If you write your resume effectively, you don’t need to create a separate “cheat sheet” to use at your interview. While it is entirely appropriate to have a few notes with you, don’t shuffle through reams of paper to find the right information. You will have your resume with you to share with the interviewer; make it work harder for you with just a little more preparation.
Your resume should include the qualities and skills the prospective employer requires for the position. This means tweaking your resume to fit each posting for which you apply. Find the requirements on the job posting and additional information on the company Web site, Web sites for the company’s competition, and other industry materials such as trade magazines and association Web sites. Networking with someone at the company who can give you insider information on current needs is optimal.
You will need to answer the dreaded “Tell me about yourself” lead-in question. It may sound a bit different, such as “Why should we hire you?” or “What are your strengths?” but all of these questions are aimed at eliciting the points where the company’s needs and your qualifications intersect. Write your profile summary as an outline of the points you want to emphasize in your 60-second introduction. All of these are about what the company needs, not about what you want. That is why the old objective statement is dead. There isn’t a company in existence that cares if you want “A challenging position with increasing responsibility that uses the skills and experience gained through my education and career.”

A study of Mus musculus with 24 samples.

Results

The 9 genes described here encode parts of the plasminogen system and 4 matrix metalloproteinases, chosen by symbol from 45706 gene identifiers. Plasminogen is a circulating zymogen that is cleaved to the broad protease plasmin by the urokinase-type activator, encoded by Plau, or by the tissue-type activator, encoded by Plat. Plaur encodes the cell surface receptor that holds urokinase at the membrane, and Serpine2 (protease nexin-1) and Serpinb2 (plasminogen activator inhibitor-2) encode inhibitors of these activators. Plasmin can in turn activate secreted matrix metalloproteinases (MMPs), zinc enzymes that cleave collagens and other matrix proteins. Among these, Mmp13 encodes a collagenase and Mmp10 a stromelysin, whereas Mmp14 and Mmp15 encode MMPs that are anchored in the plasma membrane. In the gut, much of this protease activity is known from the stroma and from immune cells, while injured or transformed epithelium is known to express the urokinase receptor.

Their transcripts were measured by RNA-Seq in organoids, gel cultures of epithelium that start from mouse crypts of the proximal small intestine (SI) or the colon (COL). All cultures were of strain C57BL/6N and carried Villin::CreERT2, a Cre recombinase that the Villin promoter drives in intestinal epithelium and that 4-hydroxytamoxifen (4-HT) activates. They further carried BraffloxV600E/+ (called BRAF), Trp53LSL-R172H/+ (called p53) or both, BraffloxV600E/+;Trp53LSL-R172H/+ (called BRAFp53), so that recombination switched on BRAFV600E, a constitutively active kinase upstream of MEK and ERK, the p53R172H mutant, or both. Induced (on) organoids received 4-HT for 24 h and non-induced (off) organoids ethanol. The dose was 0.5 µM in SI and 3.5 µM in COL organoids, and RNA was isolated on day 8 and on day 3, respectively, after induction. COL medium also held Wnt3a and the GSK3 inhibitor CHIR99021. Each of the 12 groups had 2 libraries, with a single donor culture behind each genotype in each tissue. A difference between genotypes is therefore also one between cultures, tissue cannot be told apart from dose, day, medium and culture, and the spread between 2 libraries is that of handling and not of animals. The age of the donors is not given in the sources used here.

Use examples of your accomplishments, experience, and qualifications in your resume and be ready to give more details during your interview.
There are more facets to an interview that don’t involve your resume such as questions you ask the interviewer, salary expectations, and references; however, written correctly, your resume can be your best friend at a successful interview.